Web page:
The Accord suffix was dropped after a slight re-design in 2013, but the genetic relation to Honda's best selling sedan remains strong. Fit, finish, and quality, are excellent! The Crosstour is more like a "Super Accord" that has a beefier structure and higher road clearance. The suspension was raised to mimic a small SUV, but don't get it confused with an off-road vehicle. I'm sure the raised height will aid in deep snow and muddy country roads, but don't try to drive over a hefty log blocking your path. The rear hatch compartment with fold down seats will allow you to transport larger items but less room for extra passengers. Rear cargo room with the seats up is good, but not remarkable.
I had a 2010 Crosstour and now have a 2014 - the first time I have ever bought the same model twice. The comfort, quietness and practicality are compelling. Try as I might, I couldn't find another vehicle that fit my needs as well.
The interior is upcale enough for clients and the backseat comfort and leg room are outstanding. Chicago winters demand all-wheel drive. I use the speaker phone a lot and the Active Sound Control provides a very quiet cabin. Unlike many SUVs, my bicycle can be stored in the back without the seat down, plus it's out of sight. Gear fits cleanly into the floor storage compartment. Good acceleration and over 30 mpg highway.
The Honda Crosstour is quite different from the Accord and still based on the previous Accord model. That means the dash, seats, etc are from the older model. Not a big issue but one thing is just plain ridiculous for a car of this statue and price and that is the fact that there is no outside temp on the EX. Really? Even my daughter's PT cruiser has that. Perhaps not a big deal for some, but if I had known when test driving the car... I would probably not have purchased it.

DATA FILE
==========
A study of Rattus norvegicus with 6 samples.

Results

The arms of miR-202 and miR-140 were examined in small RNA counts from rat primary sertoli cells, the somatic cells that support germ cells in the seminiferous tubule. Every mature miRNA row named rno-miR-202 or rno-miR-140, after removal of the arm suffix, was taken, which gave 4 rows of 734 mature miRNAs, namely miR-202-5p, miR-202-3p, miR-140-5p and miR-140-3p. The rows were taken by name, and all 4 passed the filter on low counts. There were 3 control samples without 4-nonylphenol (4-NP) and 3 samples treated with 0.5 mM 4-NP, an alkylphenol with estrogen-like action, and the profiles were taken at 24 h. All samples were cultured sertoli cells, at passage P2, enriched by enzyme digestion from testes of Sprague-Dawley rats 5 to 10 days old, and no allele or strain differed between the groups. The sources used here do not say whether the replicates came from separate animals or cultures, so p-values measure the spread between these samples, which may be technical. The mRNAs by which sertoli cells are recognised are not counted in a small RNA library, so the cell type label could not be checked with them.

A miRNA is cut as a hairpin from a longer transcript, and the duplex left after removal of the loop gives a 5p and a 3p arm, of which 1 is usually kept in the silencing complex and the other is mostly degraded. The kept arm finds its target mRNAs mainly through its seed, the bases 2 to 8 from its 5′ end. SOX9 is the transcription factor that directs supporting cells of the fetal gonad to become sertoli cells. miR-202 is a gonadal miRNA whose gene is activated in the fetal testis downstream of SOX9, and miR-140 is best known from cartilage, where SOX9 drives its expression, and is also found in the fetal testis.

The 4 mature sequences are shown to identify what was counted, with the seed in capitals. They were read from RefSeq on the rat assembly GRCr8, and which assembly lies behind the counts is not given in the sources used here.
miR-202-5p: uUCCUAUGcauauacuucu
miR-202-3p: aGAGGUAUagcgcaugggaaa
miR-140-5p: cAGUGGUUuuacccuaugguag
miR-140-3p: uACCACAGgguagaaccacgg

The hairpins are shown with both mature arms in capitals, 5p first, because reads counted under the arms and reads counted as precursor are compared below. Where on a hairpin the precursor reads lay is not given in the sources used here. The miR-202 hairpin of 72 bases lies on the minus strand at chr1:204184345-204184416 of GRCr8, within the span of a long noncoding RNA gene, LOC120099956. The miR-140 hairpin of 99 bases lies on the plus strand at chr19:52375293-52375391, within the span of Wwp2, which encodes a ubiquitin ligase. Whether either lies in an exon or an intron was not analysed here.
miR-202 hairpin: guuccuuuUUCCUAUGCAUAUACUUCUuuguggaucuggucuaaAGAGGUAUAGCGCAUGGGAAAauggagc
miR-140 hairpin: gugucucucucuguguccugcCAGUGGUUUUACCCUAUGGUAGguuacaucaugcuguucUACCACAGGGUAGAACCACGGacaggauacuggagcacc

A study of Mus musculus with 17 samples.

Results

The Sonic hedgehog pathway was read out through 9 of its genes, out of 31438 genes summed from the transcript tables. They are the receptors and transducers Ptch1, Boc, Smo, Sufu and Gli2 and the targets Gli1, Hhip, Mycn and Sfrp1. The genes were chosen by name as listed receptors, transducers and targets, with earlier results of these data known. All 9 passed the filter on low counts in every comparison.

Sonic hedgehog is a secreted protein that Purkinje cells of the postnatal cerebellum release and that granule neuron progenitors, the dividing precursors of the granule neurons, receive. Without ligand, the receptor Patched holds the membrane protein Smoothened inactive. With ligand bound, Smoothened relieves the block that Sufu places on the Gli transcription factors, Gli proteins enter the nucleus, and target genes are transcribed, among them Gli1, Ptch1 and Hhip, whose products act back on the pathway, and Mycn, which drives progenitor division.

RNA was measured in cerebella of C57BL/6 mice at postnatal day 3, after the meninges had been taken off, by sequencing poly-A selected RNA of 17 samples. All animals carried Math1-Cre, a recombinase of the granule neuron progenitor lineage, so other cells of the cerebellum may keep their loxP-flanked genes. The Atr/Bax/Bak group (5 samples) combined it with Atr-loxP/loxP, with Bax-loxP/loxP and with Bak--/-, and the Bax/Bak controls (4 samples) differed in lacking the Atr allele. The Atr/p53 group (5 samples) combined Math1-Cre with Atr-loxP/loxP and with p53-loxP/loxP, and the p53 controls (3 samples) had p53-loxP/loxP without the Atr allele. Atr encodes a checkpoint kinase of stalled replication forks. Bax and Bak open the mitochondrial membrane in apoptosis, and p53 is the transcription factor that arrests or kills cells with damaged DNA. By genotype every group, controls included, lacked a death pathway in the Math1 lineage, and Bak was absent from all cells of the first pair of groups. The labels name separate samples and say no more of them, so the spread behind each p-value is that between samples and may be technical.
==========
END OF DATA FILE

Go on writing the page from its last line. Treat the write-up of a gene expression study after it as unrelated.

Most frustrating thing about this car is the power or better lack of power. It accelerates like a turtle. It only starts increasing speed at higher revs. It is at times actually dangerous when changing lanes for example when quick acceleration is demanded. It simply does not happen. It does not change gears fast enough depending on speed of the car... for example, when driving 20-30 miles an hour and you want to quickly accelerate to overtake someone or change lanes, the car just responds very slowly which can be dangerous.
Of course the car drives easily at higher speeds, no problem there, except getting there takes longer than you would expect.
The car does provide a comfortable interior with ample space and it is nice that you have a 5th door... i.e. a hatchback. It is easy to drop the rear seats and the extra space is nice if you have dogs for example.
The seats are firm and perhaps not to everyone's liking. My wife simply hates the seats and wants to go back to a Nissan which seats are much more comfortable for her. I am OK. I actually drove the car cross country up to 800 miles a day without any problem or fatigue. So this may be a personal preference. Do try the car out on a longer test drive.